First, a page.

Pretoria — The Department of Public Works has set the record straight regarding expenditure on the renovation of ministerial houses.
The department said in a statement on Monday that it was mandated to provide and manage the accommodation needs of the state.
"This legislative obligation enjoins the department to plan, budget and execute work calculated to acquire, maintain, operate and eventually dispose of state immoveable assets intended to accommodate the Executive, Legislature, Judiciary and certain classes of public servants.
"It is important to note that it is not the responsibility of the individual ministers to decide on the scope of renovation of state properties. This task is solely the responsibility of the Department of Public Works in line with its constitutional mandate," the department said.
Since late 2011, Public Works Minister Thulasi Nxesi has gone on record about the poor financial management controls in the department, which has led to the gross inflation of quotations and prices for the work undertaken by the contractors, the department noted.
This has also resulted in numerous requests for variation orders which tended to distort original prices, leaving the department facing exorbitant invoice claims.
The department said "appropriate actions" would be taken against any companies or individuals where evidence of price fixing is proven.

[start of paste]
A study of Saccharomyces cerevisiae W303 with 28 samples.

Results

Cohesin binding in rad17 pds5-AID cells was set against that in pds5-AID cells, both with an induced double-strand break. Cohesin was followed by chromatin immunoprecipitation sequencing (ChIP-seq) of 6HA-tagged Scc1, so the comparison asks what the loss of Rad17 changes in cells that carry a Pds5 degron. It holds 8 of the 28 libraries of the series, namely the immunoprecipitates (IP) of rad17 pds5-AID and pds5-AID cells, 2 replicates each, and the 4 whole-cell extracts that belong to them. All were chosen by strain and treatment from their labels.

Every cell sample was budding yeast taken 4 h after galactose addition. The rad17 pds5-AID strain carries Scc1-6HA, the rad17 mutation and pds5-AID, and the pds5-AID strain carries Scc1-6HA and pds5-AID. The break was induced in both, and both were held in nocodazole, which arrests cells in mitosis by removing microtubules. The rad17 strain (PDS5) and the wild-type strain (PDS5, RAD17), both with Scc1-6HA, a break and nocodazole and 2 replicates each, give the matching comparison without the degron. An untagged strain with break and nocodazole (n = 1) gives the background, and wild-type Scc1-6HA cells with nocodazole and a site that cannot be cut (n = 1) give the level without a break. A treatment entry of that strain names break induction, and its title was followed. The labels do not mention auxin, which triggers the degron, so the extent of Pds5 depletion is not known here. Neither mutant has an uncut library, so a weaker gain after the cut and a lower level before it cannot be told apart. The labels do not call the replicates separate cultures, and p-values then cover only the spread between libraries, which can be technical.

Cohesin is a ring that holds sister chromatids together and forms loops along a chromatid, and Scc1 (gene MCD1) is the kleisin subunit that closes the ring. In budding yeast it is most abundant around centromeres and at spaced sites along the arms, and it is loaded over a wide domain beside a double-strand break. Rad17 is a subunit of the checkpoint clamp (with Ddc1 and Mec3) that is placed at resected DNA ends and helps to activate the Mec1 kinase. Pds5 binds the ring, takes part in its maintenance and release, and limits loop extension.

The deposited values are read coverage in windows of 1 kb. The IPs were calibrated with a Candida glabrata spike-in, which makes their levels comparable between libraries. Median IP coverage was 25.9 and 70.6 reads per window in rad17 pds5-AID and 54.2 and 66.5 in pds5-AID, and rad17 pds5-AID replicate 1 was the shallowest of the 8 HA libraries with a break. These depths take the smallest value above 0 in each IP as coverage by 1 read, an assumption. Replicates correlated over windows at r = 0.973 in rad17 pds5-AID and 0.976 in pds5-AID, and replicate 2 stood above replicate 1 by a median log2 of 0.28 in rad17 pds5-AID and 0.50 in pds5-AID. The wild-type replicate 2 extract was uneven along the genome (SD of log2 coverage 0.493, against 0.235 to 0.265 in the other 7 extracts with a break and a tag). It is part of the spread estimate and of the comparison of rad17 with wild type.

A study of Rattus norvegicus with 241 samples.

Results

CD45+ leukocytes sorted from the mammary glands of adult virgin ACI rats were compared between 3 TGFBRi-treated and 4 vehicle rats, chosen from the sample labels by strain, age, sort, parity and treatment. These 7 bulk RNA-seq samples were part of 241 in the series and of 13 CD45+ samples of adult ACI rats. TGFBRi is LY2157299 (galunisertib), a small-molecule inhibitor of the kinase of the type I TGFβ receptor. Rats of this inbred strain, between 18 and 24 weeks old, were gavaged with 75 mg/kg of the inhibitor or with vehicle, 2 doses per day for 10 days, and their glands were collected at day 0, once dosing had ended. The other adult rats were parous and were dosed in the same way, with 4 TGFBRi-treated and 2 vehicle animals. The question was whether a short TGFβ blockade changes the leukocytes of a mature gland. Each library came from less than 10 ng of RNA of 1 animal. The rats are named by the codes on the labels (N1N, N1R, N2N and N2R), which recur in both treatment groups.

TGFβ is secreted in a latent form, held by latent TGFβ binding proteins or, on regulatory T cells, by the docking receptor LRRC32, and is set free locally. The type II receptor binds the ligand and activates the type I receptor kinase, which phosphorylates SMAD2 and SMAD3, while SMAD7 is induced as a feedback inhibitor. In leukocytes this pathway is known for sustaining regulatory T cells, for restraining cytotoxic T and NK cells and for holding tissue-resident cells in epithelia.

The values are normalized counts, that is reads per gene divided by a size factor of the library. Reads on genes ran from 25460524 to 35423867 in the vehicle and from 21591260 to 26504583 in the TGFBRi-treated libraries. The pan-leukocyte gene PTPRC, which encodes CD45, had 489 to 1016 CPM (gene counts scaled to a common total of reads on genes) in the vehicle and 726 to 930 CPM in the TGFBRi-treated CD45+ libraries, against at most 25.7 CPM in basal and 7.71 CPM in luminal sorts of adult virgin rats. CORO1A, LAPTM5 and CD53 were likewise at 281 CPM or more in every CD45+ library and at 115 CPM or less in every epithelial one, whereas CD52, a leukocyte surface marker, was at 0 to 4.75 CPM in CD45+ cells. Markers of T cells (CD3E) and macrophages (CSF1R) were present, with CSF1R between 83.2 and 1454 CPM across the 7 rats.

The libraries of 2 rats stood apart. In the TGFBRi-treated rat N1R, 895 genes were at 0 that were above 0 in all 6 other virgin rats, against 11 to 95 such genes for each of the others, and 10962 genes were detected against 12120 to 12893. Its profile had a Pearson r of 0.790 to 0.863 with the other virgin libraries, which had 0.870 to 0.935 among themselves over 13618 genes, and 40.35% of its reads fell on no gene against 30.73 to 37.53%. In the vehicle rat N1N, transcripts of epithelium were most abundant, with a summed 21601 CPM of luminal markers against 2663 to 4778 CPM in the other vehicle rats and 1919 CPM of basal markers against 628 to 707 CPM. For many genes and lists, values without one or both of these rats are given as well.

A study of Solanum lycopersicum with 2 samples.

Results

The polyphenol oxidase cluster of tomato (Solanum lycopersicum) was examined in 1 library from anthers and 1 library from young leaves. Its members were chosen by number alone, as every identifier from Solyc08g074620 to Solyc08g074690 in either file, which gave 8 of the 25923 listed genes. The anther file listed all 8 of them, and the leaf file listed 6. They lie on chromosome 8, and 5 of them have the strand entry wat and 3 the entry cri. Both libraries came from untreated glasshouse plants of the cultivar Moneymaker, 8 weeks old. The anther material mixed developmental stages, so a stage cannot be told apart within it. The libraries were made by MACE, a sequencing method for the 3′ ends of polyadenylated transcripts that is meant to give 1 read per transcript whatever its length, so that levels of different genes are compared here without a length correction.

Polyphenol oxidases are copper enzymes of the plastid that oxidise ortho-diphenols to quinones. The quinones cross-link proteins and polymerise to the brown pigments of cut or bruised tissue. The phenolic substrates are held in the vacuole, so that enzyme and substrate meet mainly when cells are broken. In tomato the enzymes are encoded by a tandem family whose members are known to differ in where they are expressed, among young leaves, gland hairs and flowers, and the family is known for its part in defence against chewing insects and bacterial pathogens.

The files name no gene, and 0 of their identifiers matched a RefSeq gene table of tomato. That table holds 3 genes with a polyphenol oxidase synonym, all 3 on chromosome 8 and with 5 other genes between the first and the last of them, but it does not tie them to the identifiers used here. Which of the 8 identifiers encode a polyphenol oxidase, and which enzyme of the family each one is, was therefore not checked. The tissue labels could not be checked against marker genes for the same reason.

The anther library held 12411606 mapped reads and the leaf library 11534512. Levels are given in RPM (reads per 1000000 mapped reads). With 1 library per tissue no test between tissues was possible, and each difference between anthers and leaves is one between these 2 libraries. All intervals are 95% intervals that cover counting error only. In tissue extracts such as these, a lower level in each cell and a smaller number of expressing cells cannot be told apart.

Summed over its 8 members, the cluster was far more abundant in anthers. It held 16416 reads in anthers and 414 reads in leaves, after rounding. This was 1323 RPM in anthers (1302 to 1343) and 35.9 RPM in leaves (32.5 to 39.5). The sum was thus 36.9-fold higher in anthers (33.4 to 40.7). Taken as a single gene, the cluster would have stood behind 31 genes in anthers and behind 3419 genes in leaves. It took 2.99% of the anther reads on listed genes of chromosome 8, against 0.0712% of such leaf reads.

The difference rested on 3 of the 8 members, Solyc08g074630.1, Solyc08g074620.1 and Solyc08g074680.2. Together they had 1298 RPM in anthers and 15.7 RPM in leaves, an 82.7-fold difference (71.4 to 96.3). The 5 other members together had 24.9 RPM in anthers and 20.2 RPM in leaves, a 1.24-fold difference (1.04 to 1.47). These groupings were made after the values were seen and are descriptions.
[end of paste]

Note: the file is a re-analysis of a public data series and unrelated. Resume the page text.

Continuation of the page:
"In a bid to clean up the anomalies in relation to endemic collusion or corruption in the supply chain management processes as well as systematic operational inefficiencies, the Minister launched the Turnaround Strategy," noted the department.
According to the department, the intervention prioritised professional capacity building in the department to develop more competent professionals to change some of the entrenched malpractices, including inherent poor quality management practices.
The minister has also ordered the establishment of a Technical Team made up of engineers, architects and construction project management to investigate the prices and construction of quality projects.
In line with these corrective measures, external service providers have been brought on board to promote compliance, eliminate corruption and improve efficiencies.
The department confirmed that it has spent R65 million of its allocated budgets under its prestige portfolio, effecting renovations and improvements to a number of state-owned houses in both Cape Town and Pretoria allocated to members of the Executive.
Approximately 27 properties were involved with varying degrees of scopes of work. The designs, technical inputs and financial estimates were developed by professionals, said the department.
"These properties are very old, extensive in size and are of heritage value, having been used by successive colonial and/or apartheid administrations in the modern history of South Africa, which of necessity makes them expensive," the department said.